It almost sounds like a luxury that we humans spend one-third of our life sleeping. Sleep allows our body to repair and restore itself. Chronic deprivation of sleep inevitably results in death. For other members of the animal kingdom, however, sleep comes at a high price. As they doze off, they lose control of their muscles and become less responsive to their surroundings, where predators may be watching. Therefore, a variety of shuteye strategies have been developed by different animals, to keep them safe while taking a rest.
Giraffes, because of their height and size, cannot hide from their grassland predators’ eyes. To keep alert at all times to potential attacks, giraffes take short naps of a few minutes, adding up to around 40 minutes of sleep in a day—the shortest of all large mammals. Giraffes mostly sleep standing up and seldom lying down.
Frigatebirds are large, ferocious seabirds that often mix in bird flocks to attack and rob smaller seabirds for food. The “pirate bird” can fly incessantly—and fast too—over the sea for a dozen or more weeks. Scientists have studied the electroencephalography of frigatebirds, and found a sudden decrease in their brainwaves for a few seconds during their long flights—the first official recording of a bird sleeping in flight. The “mini-sleep” is a rather extreme way of taking a rest!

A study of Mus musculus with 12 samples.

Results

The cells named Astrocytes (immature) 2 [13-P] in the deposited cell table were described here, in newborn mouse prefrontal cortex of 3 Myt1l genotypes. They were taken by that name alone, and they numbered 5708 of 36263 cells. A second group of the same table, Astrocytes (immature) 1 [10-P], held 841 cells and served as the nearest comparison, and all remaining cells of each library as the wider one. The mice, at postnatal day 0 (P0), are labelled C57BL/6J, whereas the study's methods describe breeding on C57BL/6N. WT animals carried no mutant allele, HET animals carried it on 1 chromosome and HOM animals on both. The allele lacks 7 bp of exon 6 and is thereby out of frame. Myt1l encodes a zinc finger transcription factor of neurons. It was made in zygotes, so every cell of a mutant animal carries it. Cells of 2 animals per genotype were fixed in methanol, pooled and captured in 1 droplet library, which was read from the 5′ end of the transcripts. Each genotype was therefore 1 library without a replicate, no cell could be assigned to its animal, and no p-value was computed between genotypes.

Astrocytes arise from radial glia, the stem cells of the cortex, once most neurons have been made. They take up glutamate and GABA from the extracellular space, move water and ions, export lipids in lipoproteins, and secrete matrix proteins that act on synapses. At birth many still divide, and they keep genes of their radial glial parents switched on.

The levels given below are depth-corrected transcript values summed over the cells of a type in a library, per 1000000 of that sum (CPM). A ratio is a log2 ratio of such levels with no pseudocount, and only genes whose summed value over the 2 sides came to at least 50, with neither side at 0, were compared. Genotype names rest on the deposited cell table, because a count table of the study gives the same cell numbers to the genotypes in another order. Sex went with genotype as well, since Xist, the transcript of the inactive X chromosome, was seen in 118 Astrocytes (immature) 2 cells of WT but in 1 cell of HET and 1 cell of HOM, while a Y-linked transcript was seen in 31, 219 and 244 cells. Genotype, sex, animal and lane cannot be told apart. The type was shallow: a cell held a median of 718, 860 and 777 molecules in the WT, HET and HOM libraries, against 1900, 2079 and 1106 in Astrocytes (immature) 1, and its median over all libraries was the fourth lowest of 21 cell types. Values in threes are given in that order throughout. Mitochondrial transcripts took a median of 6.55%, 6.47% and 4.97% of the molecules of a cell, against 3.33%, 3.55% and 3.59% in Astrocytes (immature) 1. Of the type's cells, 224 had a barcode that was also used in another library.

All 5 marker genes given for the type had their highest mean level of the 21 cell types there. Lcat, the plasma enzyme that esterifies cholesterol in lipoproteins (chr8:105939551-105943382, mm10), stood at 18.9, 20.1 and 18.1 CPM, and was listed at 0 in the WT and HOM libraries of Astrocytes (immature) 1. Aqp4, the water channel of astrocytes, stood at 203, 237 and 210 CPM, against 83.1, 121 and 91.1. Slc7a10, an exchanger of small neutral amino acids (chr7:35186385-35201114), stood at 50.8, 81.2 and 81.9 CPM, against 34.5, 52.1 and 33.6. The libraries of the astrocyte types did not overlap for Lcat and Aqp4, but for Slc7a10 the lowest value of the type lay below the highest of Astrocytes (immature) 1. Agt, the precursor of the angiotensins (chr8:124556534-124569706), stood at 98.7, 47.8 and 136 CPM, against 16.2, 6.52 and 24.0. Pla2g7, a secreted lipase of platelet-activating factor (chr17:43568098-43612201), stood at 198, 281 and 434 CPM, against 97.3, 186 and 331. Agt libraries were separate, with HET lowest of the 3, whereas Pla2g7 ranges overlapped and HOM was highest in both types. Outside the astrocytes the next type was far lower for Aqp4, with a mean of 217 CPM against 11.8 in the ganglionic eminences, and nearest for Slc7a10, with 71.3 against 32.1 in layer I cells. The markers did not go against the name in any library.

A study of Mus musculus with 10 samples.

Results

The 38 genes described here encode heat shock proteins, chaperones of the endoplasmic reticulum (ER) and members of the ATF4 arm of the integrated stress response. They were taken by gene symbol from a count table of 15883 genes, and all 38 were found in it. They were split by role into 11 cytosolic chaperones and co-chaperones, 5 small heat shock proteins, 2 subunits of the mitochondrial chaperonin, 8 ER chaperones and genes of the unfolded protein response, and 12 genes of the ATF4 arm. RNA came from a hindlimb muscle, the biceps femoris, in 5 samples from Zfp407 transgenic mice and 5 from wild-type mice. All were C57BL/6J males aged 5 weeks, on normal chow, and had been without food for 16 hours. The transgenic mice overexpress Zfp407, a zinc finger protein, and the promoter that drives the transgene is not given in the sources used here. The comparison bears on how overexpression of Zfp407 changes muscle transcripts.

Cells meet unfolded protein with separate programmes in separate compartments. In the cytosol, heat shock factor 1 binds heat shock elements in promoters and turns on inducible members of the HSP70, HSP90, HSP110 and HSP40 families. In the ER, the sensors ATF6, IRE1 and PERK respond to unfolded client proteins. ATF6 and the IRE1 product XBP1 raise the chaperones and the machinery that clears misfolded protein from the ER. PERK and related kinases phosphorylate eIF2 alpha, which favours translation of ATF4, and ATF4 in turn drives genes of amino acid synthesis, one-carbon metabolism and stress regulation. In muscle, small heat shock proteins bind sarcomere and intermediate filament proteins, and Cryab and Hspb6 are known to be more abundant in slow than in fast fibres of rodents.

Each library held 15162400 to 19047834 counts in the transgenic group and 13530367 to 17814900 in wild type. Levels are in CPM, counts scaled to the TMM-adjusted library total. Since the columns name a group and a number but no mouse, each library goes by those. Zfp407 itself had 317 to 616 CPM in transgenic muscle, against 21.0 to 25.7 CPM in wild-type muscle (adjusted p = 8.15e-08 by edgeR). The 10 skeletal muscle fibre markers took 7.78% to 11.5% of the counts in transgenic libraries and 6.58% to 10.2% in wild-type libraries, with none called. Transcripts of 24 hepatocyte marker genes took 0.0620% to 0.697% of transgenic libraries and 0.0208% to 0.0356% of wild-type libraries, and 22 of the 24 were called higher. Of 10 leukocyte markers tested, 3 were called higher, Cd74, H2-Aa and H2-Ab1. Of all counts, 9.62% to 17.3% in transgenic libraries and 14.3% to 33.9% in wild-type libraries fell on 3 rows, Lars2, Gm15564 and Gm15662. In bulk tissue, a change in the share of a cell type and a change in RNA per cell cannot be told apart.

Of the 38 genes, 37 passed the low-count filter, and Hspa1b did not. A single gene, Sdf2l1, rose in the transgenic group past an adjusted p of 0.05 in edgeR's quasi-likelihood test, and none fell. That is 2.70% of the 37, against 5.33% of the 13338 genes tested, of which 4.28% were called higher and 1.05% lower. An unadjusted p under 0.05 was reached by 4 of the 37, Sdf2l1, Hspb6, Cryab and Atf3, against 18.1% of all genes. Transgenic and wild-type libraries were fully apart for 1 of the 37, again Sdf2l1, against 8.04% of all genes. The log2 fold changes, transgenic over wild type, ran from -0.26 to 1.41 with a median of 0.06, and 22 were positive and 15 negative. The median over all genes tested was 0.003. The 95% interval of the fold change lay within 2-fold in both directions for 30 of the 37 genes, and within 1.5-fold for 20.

Even more extreme may be the case of American bullfrogs (Rana catesbeiana), which never exhibit sleeping behaviour according to scientific studies. The bullfrog is exceptional as, apart from entering a hibernation stage in winter, it shows similar physiological responses to external stimuli whether it is active or otherwise. This means that the bullfrog is on alert at all times—although some scientists postulated that the species undergoes Non-Rapid-Eye-Movement sleep that allows it to keep the sensory perception during shallow sleep. Before the theory is confirmed, the American bullfrog is still the representative of “sleepless” animals.
Humans carry out spontaneous breathing during sleep, while ocean mammals such as whales and dolphins cannot. They must undergo conscious breathing or they will suffocate and die. A special sleeping mechanism has evolved in whales and dolphins—unihemispheric slow-wave sleep. This is to ensure that half of the brain is working to maintain consciousness while the other half is taking a break. What an amazing expertise that “caffeine-addicted” people would love to acquire to fight off doziness!